The Health Risks of Nail Polish & How to Properly Dispose Of It
Many people may not realize this, but nail polish is considered a hazardous substance due to the toxic chemicals that it consists of.
Nail polish is only one of many substances that are generally deemed safe enough for everyday use, but which require special disposal precautions. Because many people are unaware that it’s a household hazardous waste, they instead carelessly throw away their rarely used nail polishes, or even ones that still have contents remaining. When thrown away into garbage cans, old nail polish and remover can harm sanitation workers. If you dump it down the drain, polish and remover can contaminate septic systems and entire watersheds.
Nail Polish Health Risks
The Environmental Protection Agency (EPA) has recently come out and supported initiatives to promote healthier indoor environments for nail salon workers and their customers. With more and more nail salons popping up across the country, it’s the perfect time to review why nail polish and nail polish remover are considered hazardous waste, and why you should never toss old polish or remover in a regular, everyday use garbage can.
Many countries across the globe also categorize nail polish as a hazardous substance because of its is high flammability and ingredients (toluene and formaldehyde, for instance) being linked to major health problems.
In most cases, nail salons install local ventilation systems over each nail station to reduce workers’ exposure to the toxic chemicals in polish and remover. The flammable ingredients in nail polish include nitrocellulose cotton, lacquer, toluene, and more.
The acetone or ethyl acetate solvent found in nail polish remover is also extremely flammable. Ignitability is a key defining characteristic for hazardous waste. After long exposure to any of the above mentioned chemicals, they can contribute to respiratory issues, reproductive effects, and even cancer.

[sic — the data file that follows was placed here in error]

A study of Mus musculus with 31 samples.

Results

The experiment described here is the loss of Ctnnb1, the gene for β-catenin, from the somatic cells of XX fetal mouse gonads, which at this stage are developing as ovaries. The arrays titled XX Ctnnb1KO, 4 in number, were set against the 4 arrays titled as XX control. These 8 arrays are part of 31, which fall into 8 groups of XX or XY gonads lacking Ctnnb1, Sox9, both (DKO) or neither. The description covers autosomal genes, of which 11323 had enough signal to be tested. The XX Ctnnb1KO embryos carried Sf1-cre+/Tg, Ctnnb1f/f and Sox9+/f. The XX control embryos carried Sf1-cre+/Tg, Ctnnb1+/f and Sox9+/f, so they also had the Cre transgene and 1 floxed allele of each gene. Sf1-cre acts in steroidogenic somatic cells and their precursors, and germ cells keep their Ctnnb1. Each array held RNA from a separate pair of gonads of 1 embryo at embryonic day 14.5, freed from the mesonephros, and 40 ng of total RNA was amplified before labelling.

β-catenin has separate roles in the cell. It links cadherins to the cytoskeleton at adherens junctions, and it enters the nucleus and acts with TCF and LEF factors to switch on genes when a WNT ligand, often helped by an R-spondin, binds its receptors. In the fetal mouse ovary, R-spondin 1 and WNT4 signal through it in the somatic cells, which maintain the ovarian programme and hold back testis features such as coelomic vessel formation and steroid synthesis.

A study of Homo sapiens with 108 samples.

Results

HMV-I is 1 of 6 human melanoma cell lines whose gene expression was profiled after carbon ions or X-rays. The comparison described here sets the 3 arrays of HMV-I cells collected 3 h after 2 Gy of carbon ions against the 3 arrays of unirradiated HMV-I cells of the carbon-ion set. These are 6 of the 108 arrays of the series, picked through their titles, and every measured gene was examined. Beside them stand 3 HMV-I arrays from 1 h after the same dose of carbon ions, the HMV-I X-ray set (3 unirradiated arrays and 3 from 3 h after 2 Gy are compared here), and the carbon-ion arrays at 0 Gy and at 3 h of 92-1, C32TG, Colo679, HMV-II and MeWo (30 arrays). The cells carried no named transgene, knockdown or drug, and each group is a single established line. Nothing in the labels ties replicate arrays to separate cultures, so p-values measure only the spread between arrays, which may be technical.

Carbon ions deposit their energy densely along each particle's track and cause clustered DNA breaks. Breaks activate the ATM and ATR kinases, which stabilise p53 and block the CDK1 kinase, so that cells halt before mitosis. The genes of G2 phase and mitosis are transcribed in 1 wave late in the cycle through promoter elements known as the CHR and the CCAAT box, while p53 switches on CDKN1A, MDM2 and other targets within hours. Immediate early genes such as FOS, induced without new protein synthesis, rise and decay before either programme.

How To Properly Dispose Of Nail Polish and Remover
If you’re looking to dispose of the nail polish and remover, then the appropriate thing to do is to hang onto them until you can take it to a local hazardous waste disposal center.
The nail polish containers themselves can also be recycled whenever you no longer wish to use them. You can look for a hazardous waste drop-off or pick-up near you that will recycle them, as well as recycling centers in certain areas that you can take them to.
If you’re unable to find a waste or recycling center, then here are four recycling ideas and things to consider when you want to get rid of unwanted nail polish.
Recycling Ideas For Your Unwanted Nail Polish
Donation: Donate your old bottles of nail polish that still have a usable amount remaining.
Shoe Strings: Have any shoe laces that have ugly looking ends? Put a dab of nail polish on the end of the laces to help bind the thin strands together.
Touch-Ups: If you have any scratched materials around the house, use nail polish to touch them up.
Create Different Colors: If you have multiple different nail polishes that you no longer wish to use, then mix the colors together to create new ones. This could help you save money, and time, looking for that color somewhere in the store.
Properly Dispose Your Nail Polish With WasteXpress
Spas and salons that use copious amounts of nail products should contact a hazardous waste disposal company in effort to mitigate employee and customer health and safety risks as well as minimize their environmental impact.
At WasteXpress, we have over 30 years of experience of providing fully compliant hazardous waste cleanup and disposal services across the Pacific Northwest. Toxic, medical, chemical, paint, hemp, cannabis, industrial, non-hazardous waste, and more.